In Starkie v. Perry, 71 Cal. 495 [12 P. 508], quoting from the syllabus it was held that, "An uncle who receives his minor niece into his household as a member of his family stands towards her in loco parentis, and is bound to support and maintain her according to his circumstances, and is not entitled to charge her for the necessary food, clothes, and lodging furnished her, either during the minority or afterwards, during the existence of the quasi paternal relation between them.Summary of this case from Trudell v. Leatherby
Appeal from a judgment of the Superior Court of Marin County.
E. S. Lippitt, for Appellant.
W. B. Haskell, for Respondent.
JUDGES: McKee, J. Thornton, J., and Sharpstein, J., concurred.
In this case the plaintiff, by the allegations in his complaint, admits having received for the defendant, between the year 1873 and the commencement of the action, the sum of $ 575 as her portion of the estate of her deceased mother; but he claims to have paid, laid out, and expended for the defendant, between the same times, for the necessary clothing, board, and [12 P. 509] lodging, a sum of money exceeding that which he received for her, for which, it is alleged, defendant has refused to settle with him; therefore he brought the action in hand to have his account settled and allowed, and to obtain judgment that he be discharged and released from his trust as to the moneys which he received for her.
Upon an answer specifically denying the allegations of the complaint, and setting up a counter-claim for work and labor done by the defendant for the plaintiff at his request, the case was tried, and the court, by its decision, finds that the necessary clothing, board, and lodging of the defendant for the time stated in the complaint were furnished by the plaintiff under the following circumstances, namely:
In the year 1870 the mother of the defendant died in Marin County, seised and possessed of some real and personal property; and the plaintiff, who was the brother of deceased and the uncle of defendant, was appointed and qualified as administrator of the estate; and while acting in that capacity he took his niece, the defendant, in the year 1873, to live in his home "as a member of his family." At that time the defendant was a minor about fifteen years old; and she continued to live with the plaintiff for about seven years, during which time, the court finds, "she labored constantly, doing housework and helping in the farm work, milking cows, and working in the field," and he "boarded and cared for the defendant, and expended for her for clothing $ 275.50." The value of her board and lodging was less than the value of her work and labor. How much the one exceeded the other the court does not find; but it held that the plaintiff was not entitled to recover for the board and lodging of the defendant, but was entitled to recover the value of the clothes furnished her, and for that sum, with interest, judgment was given in favor of the plaintiff and against the defendant.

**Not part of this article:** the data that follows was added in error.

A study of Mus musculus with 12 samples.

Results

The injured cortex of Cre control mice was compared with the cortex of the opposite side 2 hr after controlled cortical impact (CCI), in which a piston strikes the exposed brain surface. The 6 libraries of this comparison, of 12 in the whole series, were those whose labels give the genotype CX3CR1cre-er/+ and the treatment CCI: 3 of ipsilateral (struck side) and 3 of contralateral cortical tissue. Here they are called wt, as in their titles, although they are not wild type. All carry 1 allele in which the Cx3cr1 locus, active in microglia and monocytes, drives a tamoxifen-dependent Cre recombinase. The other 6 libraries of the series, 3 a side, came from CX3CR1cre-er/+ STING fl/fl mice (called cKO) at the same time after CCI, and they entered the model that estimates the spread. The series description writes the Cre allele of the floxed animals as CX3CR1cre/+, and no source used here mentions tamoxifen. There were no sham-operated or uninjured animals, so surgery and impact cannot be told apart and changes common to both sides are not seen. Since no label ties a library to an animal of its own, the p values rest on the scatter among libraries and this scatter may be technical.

The appeal is from the judgment. We think the judgment erroneous because, when the defendant became "a member of the family" of her uncle, at his request, the uncle stood toward her in loco parentis, and in that relation he was bound in law to support and maintain her according to his circumstances. (Civ. Code, sec. 196.) Her support and maintenance included necessaries of food, clothes, and lodging, for which he could not charge her, as a member of his family, any more than he could charge for such things one of his own children.
And the fact that the defendant continued to be a member of the family after she attained her majority did not change the quasi paternal relation existing between herself and her uncle. The relation still continued unless changed by some understanding or contract, express or implied, between herself and her uncle, which brought her under an obligation to pay for her maintenance. But the plaintiff does not claim, and there were no proofs of any contract, expressed or implied, which changed the relation established by the plaintiff himself, between him and his niece, into one of master and servant, or which bound her to pay him for a service he voluntarily assumed to perform for her.
The service rendered by the plaintiff in maintenance of the defendant as a member of his family was gratuitous. So also were the services rendered by the defendant in the home of the plaintiff. No cause of action arises out of gratuitous services; therefore, neither the plaintiff nor defendant had any cause of action against the other to recover for the value of such services.
Admittedly, plaintiff was trustee of the defendant as to the money which he received for her from the estate of her mother; and as such he must be held to the same degree of responsibility as if he had been formally appointed her guardian. In accounting for the fund, he will not be allowed to avail himself of his fiduciary character for any object of personal benefit. Hence he ought not to be allowed for any portion of it which he may have appropriated as compensation to himself for a service voluntarily rendered in maintenance of his cestui que trust as a member of his family. For that purpose the trust fund was not legally chargeable. The court, therefore, erred in allowing [12 P. 510] the plaintiff, in the settlement of his trust, the benefit of any portion of the fund as compensation to himself for clothes furnished to the defendant in her maintenance as a member of his family.
Judgment reversed, and cause remanded.